Subject: Nixon's Back! rss


It's the first time playing for both of us, I am filling the role of Nixon, which is awesome. I love playing the stereotypical role of the "crazed conservative", ala Stephen Colbert. Much more fun than playing a wussy, America-hating "wussy liberal" (see what I did there!).

A lucky draw allows Nixon to gather momentum in the West. Their initial support means they will be the last to die in the impending robot apocalypse. Kennedy begins gaining support in the Northeast, spending a great deal of time campaigning in New York and Pennsylvania, gathering enough support to carry both states. Nixon bides his time, he'll bring those liberal elitists to his side soon enough...

Turn two rolls around, Kennedy moves his campaign South. Nixon immediately kills whatever momentum Kennedy has gained through some well-timed events, and follows up with killing his campaigning potential with a -2 CP card. Regardless, Kennedy spreads the wealth and hobnobs to the best of his ability with the Southern folk, gaining support in Texas, Florida, Georgia, and Tennessee. Nixon's campaign moves to the Midwest and begins to lock down Ohio, Illinois, and Michigan, and begins bombarding television stations all along the East coast.

Turn three is when both candidates realize they should really take a stand on the issues. It seems to be the best way for each campaign to gain momentum, and we get these cool endorsement things that supposedly play some role in the end. Despite the print media's deeply ingrained liberalism and hatred for Nixon, they know what's best for the country, and papers in the Midwest and West endorse his candidacy, while sources of Liberal propaganda in the East and South of COURSE side with Kennedy.



Turn four is when things get a little interesting. Kennedy, not wanting to lose the liberal Northeast, moves there and begins campaigning in the more snobby states. Nixon doesn't need them, and before Kennedy has time to buy ad space, takes away the Spend-o-crat's lead in New York and Pennsylvania.

In turn five Nixon moves South while Kennedy rebuilds in the Northeast. Nixon, whom the people KNOW would be the best candidate militarily, plays a few events to take advantage of this predisposition and kills Kennedy's support in the South.

At this point, the debates begin. A quick rereading of the rules, and Kennedy calls foul. Apparently, Nixon forgot to mention that the party symbol on the bottom of the cards indicates which side it plays to. Nixon concedes, and wouldn't you know it, loses each issue in the debate (stupid liberal media and their biased debate structure).

"That's it! You're all going to jail, and don't expect me to grant a pardon like that sissy, Ford."

Coming off the debates, both campaigns agree they want to be SURE how the campaign strategy affects Election Day. A wayward consultant walks by the map, and says to both campaigns "I'm surprised you guys aren't fighting over the issue track much... you know the game is won by endorsements, right?" Both campaigns give this man a puzzled look. "You see, if you have an endorsement in the East, you only need to get rid of all of your opponent's cubes, and not build up any of your own." So the New York Times IS good for something other than toilet paper! Kennedy and Nixon look at each other, and begin a frantic chase to kill the other's cubes in endorsed regions. Kennedy focuses and killing Nixon's support in the South and East, but is having trouble swaying large states like New York and New Jersey. Nixon kills any remaining support Kennedy had in the Midwest, and starts carrying Ohio (you see, Nixon can see into the future, and knows, "as goes Ohio, so goes the Nation"). Unfortunately, Kennedy plays an event card that gives him five support checks in Illinois on Election Day. Nixon gives up on the Prairie State, they will be the first forcible annexation under his new reign.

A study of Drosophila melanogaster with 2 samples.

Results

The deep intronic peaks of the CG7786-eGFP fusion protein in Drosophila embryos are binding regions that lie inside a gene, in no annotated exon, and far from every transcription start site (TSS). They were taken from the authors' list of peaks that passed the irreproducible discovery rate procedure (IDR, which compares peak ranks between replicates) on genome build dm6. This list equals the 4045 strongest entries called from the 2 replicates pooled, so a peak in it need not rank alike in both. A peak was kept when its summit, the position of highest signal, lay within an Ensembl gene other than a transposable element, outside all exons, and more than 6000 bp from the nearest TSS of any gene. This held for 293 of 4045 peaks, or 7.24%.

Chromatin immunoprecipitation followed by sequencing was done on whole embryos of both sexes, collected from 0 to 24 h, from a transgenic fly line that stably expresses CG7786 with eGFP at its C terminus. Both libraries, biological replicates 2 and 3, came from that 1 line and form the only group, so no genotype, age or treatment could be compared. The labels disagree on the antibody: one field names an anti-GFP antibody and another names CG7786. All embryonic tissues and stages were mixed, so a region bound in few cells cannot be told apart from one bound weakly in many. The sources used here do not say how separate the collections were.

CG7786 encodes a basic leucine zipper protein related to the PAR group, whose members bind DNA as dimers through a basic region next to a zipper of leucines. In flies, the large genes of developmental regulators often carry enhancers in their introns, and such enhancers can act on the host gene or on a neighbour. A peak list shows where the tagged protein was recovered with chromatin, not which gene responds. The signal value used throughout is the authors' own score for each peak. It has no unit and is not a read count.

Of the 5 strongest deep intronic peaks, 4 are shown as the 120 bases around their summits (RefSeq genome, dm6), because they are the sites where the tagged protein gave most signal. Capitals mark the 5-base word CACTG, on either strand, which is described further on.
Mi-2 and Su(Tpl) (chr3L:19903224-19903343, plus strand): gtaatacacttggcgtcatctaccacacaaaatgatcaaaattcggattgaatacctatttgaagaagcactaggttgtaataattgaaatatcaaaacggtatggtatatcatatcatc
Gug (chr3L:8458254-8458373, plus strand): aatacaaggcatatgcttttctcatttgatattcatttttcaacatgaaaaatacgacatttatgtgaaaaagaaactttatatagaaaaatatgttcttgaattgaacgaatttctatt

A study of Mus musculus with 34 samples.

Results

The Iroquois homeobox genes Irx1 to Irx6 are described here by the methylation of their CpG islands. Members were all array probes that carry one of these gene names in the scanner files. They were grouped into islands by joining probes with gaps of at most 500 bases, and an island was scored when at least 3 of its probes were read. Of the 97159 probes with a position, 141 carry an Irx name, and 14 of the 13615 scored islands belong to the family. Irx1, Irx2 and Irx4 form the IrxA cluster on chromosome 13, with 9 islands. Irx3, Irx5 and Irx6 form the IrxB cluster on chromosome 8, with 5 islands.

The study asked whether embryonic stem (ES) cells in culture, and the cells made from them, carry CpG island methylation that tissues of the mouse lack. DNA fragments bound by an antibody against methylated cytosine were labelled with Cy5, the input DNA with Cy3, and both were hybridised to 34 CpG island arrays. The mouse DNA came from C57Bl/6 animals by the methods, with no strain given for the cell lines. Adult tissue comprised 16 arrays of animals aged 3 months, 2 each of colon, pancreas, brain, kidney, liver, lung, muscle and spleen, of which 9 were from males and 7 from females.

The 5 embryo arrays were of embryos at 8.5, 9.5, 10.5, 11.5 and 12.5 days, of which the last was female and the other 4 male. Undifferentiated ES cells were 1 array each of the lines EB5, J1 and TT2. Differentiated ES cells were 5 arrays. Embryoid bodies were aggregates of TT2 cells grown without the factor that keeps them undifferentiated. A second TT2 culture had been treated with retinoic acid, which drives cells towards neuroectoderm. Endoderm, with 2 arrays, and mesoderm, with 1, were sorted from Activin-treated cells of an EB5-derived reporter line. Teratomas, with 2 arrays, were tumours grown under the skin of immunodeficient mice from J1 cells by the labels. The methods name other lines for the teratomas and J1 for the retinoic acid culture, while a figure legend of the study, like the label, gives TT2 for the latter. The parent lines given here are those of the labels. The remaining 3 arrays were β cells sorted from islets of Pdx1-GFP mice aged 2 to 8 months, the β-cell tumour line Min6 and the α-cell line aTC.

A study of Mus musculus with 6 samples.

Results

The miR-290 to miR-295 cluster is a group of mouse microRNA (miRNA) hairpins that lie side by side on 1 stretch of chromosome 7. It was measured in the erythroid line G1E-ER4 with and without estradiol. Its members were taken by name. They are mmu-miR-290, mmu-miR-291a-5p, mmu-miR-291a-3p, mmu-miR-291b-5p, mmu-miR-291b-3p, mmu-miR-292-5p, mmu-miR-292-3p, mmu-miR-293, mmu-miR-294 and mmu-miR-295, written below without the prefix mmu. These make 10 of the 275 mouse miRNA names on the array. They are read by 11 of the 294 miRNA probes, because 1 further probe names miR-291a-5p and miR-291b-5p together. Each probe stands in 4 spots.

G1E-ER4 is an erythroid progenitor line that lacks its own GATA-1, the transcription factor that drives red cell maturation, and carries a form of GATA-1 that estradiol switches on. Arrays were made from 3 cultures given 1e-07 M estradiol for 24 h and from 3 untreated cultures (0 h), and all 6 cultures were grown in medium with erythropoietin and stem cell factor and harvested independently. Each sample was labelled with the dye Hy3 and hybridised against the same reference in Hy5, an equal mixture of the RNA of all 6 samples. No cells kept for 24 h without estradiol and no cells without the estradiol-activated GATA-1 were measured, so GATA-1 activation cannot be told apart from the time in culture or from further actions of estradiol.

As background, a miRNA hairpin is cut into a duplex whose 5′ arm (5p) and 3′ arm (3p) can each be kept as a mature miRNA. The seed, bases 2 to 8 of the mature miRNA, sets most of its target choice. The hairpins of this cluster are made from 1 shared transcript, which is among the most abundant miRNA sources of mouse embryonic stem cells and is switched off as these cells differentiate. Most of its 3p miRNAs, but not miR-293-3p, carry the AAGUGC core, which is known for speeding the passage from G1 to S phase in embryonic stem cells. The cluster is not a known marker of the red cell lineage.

Election Day rolls around. Kennedy, playing one too many 4cp cards, takes a peek at the bag to see a sea of red. His hopes dwindle for an Election Day surge. Nixon sees control swing in Texas, West Virginia, and Michigan, with all red support checks in each.

The campaigns pull the final tally. Kennedy grabs Texas, Illinois, and California. Nixon grabs New York, Pennsylvania, Ohio, and Michigan. The rest of the states are grabbed by their respective victor, and the totals are added up.

Nixon 280
Kennedy 257

Nixon's back baby! Here comes the Robot Apocalypse! Hurray for the forced Annexation of Texas!



EDIT: Fixed for spelling errors, clarity.

But it sounds like you both learned a lot about the rules as you went along. Do you think you'd have played things differently if you understood it all clearly from the beginning?
 

Second, we didn't focus on the issue track that much, neglecting the power of momentum and endorsements. Since we weren't playing that area much, issues were never really shifted much by the person with media control. During the game, we were curious about the importance of that mechanic. I see it much more now in retrospect.

Overall, it was a fun experience, but we both wanted to play again immediately after to give it another go now that we understood the strategy (unfortunately, I only had an hour more to play). Just too much focus on the back and forth of campaigning.

I just re-watched A Head In The Polls last night, one of my favorite episodes.

May I add;

"Morbo will now introduce tonight's candidates... PUNY HUMAN NUMBER ONE, PUNY HUMAN NUMBER TWO, and Morbo's good friend, Richard Nixon."